Allen & Gooch Blog

Workers' Compensation

The Independent Medical Examination – Can It Be Used to Address Causation?

Under the Louisiana Workers’ Compensation Act, both the employee and the employer have a right to choose their own physicians. While the employee has a right to an initial choice of treating physician, the employer has the right to choose its own physician in order to examine the employee and render a Second Medical Opinion (SMO) on various issues. Whenever a dispute arises between these two physicians, the Act provides a “tie-breaker” system, known as an Independent Medical Examination (IME), selected by the Court or the Office of Workers’ Compensation Administration’s Medical Services. The procedures for an IME are codified under two distinct statutes in the Act.
Louisiana Revised Statute 23:1123 states, in pertinent part, that if “any dispute arises as to the condition of the employee, or the employee’s capacity to work, the assistant secretary, upon application of any party, shall order an additional medical opinion regarding an examination of the employee to be made by a medical practitioner selected and appointed by the assistant secretary.” Under LSA-R.S. 23:1123, only the employee’s condition or work status can be reviewed by the IME physician. While the statute was amended removing language which allowed for a Workers’ Compensation Judge to order an IME, the Courts have ruled that the Judge still retains the authority to order an IME under LSA-R.S. 23:1123 whenever the employee’s condition or work status are called into question. Edwards v. Plant Works, 13-1112 (La. App. 3 Cir. 8/6/14), 145 So.3d 1108, writ denied, 14-1776 (La. 11/14/14), 152 So.3d 881.
Summarizing, under LSA-R.S. 23:1123, the law states that either the Medical Director or the Court can order an IME whenever the employee’s condition or work status are in dispute between the treating physician and the SMO physician. However, with regard to disputes on other issues, like causation, the Act provides for an alternative solution.
Louisiana Revised Statute 23:1124.1 states, in pertinent part, that “the workers’ compensation judge, on his own motion, may order that any claimant appearing before it be examined by other physicians.” This statute grants the Judge with the authority to order an employee to submit to an IME even if there is no dispute between the treating physician and SMO physician, and there is no limiting language in the statute, which makes it available to a Judge for any reason he or she deems necessary. See Dietz v. Lowe’s Home Centers, Inc., 14-401 (La. App. 3 Cir. 11/5/14), 151 So.3d 990, writ denied, 15-0130 (La. 4/10/15), 163 So.3d 812. Because there is no limiting language in this statute, it can be used in an effort to prove that the employee is unable to prove causation between his complaints and the workplace accident.
Under the workers’ compensation scheme, an employee is not entitled to benefits if he or she is unable to prove a causal connection between the disability and the work related accident by a reasonable preponderance of the evidence. Bradley v. St. Francis Medical Center, 51,572 (La. App. 2 Cir. 9/27/17), 244 So.3d 722, 728; Marks v. 84 Lumber Co., 00-00322 (La. App. 3 Cir. 10/4/00), 771 So.2d 751; Dupuy v. State, Office of Risk Management, 450 So.2d 777, 779 (La. 5/16/84). While causation is a legal issue to be decided by the Court, it requires the opinions of medical professionals in order to establish whether the employee is able to meet his or her necessary burden of proof at trial. In other words, expert medical evidence is necessary to prove causation.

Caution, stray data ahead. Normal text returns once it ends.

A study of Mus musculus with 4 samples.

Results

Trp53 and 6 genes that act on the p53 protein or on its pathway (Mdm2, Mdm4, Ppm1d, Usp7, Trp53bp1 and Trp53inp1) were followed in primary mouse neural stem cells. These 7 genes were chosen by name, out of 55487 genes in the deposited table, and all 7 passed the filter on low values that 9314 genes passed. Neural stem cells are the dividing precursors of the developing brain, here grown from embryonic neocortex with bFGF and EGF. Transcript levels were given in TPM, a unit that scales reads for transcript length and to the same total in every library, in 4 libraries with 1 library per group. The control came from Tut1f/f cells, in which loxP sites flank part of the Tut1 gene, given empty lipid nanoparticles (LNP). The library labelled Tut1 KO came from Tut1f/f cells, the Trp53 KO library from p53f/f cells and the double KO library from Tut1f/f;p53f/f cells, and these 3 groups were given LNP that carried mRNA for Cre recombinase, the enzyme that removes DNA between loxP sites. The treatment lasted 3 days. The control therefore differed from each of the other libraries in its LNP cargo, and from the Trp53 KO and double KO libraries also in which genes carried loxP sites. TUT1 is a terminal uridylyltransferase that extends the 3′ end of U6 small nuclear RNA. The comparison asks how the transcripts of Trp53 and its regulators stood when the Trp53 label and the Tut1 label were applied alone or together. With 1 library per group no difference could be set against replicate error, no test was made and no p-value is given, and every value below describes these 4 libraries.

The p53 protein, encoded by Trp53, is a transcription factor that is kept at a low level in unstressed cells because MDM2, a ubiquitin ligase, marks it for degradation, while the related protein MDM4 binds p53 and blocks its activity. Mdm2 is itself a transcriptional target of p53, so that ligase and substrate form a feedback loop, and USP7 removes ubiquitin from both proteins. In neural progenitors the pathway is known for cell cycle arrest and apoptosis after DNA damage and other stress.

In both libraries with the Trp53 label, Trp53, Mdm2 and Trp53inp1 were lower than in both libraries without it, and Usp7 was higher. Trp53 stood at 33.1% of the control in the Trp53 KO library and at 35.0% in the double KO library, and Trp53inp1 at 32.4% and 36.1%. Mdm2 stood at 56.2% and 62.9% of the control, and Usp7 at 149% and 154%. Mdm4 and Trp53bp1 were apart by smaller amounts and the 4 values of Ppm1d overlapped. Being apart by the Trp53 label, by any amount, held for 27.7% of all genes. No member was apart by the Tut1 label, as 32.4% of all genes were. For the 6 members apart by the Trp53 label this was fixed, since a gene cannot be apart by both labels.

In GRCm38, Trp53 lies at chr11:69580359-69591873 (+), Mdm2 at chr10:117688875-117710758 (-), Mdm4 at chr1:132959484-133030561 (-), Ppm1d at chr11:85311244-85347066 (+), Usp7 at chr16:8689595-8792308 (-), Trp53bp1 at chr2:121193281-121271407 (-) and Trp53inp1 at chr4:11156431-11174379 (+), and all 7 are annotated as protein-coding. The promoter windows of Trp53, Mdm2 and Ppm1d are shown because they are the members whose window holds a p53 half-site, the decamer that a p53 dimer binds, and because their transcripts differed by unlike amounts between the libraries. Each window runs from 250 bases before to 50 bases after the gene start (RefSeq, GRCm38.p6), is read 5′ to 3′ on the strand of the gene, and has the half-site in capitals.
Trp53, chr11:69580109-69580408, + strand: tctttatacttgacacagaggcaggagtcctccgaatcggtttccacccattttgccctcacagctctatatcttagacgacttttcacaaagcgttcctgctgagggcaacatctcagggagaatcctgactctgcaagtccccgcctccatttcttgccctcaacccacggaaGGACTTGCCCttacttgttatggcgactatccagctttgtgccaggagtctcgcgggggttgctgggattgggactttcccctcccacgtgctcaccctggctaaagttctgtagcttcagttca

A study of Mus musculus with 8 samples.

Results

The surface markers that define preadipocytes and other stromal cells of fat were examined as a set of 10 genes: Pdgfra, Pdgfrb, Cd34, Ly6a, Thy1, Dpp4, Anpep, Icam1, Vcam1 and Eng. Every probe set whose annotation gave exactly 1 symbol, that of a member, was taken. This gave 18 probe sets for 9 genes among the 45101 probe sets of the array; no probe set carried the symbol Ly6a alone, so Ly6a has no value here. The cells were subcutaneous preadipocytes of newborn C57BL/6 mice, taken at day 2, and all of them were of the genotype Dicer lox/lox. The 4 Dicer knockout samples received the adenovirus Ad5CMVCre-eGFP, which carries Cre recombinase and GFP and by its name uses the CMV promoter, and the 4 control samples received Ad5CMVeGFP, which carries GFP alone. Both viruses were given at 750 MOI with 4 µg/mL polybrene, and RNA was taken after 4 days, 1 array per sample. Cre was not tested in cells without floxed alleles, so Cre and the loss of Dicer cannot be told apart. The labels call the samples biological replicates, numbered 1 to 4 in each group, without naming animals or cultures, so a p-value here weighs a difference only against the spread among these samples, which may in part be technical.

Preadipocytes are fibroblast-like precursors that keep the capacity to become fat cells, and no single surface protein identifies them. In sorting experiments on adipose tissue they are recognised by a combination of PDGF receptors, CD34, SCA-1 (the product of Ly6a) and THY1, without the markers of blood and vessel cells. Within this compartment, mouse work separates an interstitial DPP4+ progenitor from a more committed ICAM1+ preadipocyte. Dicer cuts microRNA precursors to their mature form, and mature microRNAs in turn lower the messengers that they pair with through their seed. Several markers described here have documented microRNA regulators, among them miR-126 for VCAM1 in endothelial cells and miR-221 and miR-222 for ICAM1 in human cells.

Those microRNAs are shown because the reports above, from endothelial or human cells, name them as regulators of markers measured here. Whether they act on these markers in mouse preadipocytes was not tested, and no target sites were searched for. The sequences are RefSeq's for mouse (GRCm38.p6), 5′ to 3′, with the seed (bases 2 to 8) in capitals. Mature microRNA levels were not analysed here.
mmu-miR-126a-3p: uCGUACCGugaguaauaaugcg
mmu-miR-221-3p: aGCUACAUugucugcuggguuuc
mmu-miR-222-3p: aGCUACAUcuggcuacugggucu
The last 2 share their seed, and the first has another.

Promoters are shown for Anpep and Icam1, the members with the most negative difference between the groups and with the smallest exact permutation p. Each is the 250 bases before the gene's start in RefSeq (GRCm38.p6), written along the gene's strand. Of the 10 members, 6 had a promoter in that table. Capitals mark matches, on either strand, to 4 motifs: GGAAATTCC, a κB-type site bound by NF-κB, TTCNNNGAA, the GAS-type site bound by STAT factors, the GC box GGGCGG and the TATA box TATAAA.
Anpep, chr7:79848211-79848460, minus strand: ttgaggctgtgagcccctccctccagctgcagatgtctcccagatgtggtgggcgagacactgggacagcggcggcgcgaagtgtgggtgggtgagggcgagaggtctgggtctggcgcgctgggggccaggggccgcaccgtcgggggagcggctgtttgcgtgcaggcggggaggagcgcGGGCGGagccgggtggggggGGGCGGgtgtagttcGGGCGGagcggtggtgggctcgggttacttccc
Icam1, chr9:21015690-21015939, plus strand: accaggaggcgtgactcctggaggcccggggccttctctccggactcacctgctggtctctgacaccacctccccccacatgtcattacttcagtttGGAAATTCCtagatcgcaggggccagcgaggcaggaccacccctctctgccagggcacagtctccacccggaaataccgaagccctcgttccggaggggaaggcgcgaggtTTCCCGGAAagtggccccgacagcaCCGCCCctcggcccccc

Recently, plaintiffs’ attorneys have made the argument that LSA-R.S. 23:1124.1 cannot be used as a vehicle by a party to obtain an IME because the language states that the Judge may use it “on his own motion.” However, by presenting the Judge with evidence at a hearing as to certain issues that will come up at trial on the merits, we are, in essence, allowing the Judge to make up his or her mind as to whether he or she feels that an IME is appropriate. This is why LSA-R.S. 23:1124.1 exists – to provide the Judge with a procedure vehicle to review the medical record and decide whether an additional medical opinion is necessary for him and her to have sufficient evidence at trial. If a Judge is to make a valid ruling on the issue of causation, an IME physician should be available to review the causal connection between the employee’s complaints and the workplace accident and then give medical testimony on that issue.
It is our belief that the plaintiff’s bar is attempting to shield LSA-R.S. 23:1124.1 away from employers in an effort to take away the possibility of an IME’s opinion on causation. Unfortunately, we have recently seen some judges buy into this mindset and state that an IME cannot be used to address causation because it is a legal opinion outside of the condition and work status of the employee. However, a clear reading of the statute and prior case law shows that there is no limiting language as to the reasons for the IME. Elementary statutory analysis undoubtedly shows that the intent of the statute was not meant to be used like LSA-R.S. 23:1123, as 1123 clearly has limiting language (condition and work status) while 1124.1 does not.
In an effort to ensure that a valid causation argument will be available in the future, Allen & Gooch attorneys are currently making efforts to clear up the law and validate the fact that causation can be addressed by an IME physician if that issue will be an issue at trial.

Allen & Gooch is providing this legal update for informational purposes only. This article should not be construed as legal advice or a legal opinion as to any specific facts or circumstances. You should consult your own attorney concerning your particular situation and any specific legal questions you may have.